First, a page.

1. Behind Closed Doors on Long Island | Memoir

    Dylan told us all that “everything is gonna be diff’rent when I paint my masterpiece.” The belief that things could be different, even if they weren’t going to be perfect, carried many of this month’s memoirists through very trying times. Masterpieces are not always on canvas: here we glimpse families, houses, and careers that are themselves real works of art.

    Coincidentally, half of this month’s memoirs deal with growing up on Long Island. The circumstances described range from apparently idyllic to squalor—you just never know what’s going on in the house next door, do you?

    LJ memoir columnist (and Long Island resident) Therese Nielsen tackles memoirs about what goes on behind closed doors.

  2. Schaap, Rosie. Drinking With Men: A Memoir. Riverhead: Penguin Group (USA). 2013. 288p. ISBN 9781594487118. $26.95.

Schaap measures out her life in beer and shot glasses in this beautifully composed look at a woman’s coming to age in a setting more often reserved for men: bars. Each chapter details the allures of one of Schaap’s favorite watering holes and its role in her growth as a person, writer, teacher, minister, and counselor. There is no veneer of vanity in Schaap’s tour of the taverns of her life, which results in a portrait that is detailed and genuine. VERDICT Several chapters in Schaap’s account could stand alone as short stories: readers first meet her as a fortune-telling hippie chick teenager cadging drinks on the Metro North. This book grabbed me, and I think it will grab you.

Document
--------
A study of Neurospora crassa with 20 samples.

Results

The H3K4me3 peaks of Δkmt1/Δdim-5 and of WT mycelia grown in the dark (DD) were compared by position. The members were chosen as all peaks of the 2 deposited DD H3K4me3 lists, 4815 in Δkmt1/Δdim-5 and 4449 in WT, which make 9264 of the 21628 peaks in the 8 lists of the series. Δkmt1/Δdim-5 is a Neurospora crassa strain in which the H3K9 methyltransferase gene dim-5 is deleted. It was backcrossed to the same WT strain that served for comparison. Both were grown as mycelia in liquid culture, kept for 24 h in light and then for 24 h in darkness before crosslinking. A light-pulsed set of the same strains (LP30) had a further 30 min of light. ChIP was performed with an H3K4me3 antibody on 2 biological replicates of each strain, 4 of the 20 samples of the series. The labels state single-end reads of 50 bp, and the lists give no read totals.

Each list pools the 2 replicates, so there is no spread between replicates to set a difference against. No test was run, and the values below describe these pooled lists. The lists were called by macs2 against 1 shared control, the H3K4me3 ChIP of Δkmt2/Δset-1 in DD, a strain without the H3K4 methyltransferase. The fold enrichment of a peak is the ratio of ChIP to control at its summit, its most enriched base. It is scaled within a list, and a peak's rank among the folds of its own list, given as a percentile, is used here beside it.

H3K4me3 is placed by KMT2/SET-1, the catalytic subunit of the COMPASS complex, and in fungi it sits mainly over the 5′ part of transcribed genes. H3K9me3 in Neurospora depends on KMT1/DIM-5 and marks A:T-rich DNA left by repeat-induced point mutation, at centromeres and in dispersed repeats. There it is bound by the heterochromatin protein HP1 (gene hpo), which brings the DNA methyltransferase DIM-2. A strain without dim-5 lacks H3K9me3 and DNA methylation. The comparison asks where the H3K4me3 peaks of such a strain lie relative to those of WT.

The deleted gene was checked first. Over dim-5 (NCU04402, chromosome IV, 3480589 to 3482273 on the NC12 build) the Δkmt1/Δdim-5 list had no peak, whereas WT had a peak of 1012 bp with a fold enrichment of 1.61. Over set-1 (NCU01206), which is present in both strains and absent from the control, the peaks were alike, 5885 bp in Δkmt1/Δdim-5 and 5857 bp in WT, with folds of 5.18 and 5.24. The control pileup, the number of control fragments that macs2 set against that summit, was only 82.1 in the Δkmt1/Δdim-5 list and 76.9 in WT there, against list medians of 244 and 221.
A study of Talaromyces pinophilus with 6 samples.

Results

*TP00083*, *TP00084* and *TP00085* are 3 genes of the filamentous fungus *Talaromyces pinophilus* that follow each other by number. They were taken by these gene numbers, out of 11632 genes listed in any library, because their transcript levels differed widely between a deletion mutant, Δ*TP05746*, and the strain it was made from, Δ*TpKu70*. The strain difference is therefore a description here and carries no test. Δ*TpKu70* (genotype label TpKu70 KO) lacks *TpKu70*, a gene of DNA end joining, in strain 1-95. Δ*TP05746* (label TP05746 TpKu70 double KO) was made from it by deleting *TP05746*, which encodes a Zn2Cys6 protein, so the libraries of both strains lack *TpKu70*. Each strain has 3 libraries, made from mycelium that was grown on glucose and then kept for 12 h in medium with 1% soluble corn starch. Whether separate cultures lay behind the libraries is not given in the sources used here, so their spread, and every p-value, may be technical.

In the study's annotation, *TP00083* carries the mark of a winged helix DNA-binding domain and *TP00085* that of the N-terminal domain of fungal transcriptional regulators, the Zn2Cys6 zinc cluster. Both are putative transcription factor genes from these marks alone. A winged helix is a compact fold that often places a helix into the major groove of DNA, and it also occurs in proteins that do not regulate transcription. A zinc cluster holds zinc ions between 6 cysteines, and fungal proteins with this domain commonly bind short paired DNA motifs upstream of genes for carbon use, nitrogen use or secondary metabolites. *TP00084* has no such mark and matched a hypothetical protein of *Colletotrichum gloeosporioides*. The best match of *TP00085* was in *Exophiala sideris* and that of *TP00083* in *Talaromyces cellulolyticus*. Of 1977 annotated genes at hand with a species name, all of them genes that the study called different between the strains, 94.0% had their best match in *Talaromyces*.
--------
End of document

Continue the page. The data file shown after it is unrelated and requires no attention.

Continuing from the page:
Memoir Short Takes: Food, Drink, and DNA
LJ memoir columnist Therese Nielsen gave Rosie Schaap’s new memoir a starred review!

    OrangeReviewStar Memoir Short Takes: Food, Drink, and DNASchaap, Rosie. Drinking With Men: A Memoir. Riverhead: Penguin Group (USA). 2013. 288p. ISBN 9781594487118. $26.95.

    Schaap measures out her life in beer and shot glasses in this beautifully composed look at a woman’s coming to age in a setting more often reserved for men: bars. Each chapter details the allures of one of Schaap’s favorite watering holes and its role in her growth as a person, writer, teacher, minister, and counselor. There is no veneer of vanity in Schaap’s tour of the taverns of her life, which results in a portrait that is detailed and genuine. VERDICT Several chapters in Schaap’s account could stand alone as short stories: readers first meet her as a fortune-telling hippie chick teenager cadging drinks on the Metro North. This book grabbed me, and I think it will grab you.

    Memoir Short Takes: Food, Drink, and DNA

    LJ memoir columnist Therese Nielsen gave Rosie Schaap’s new memoir a starred review!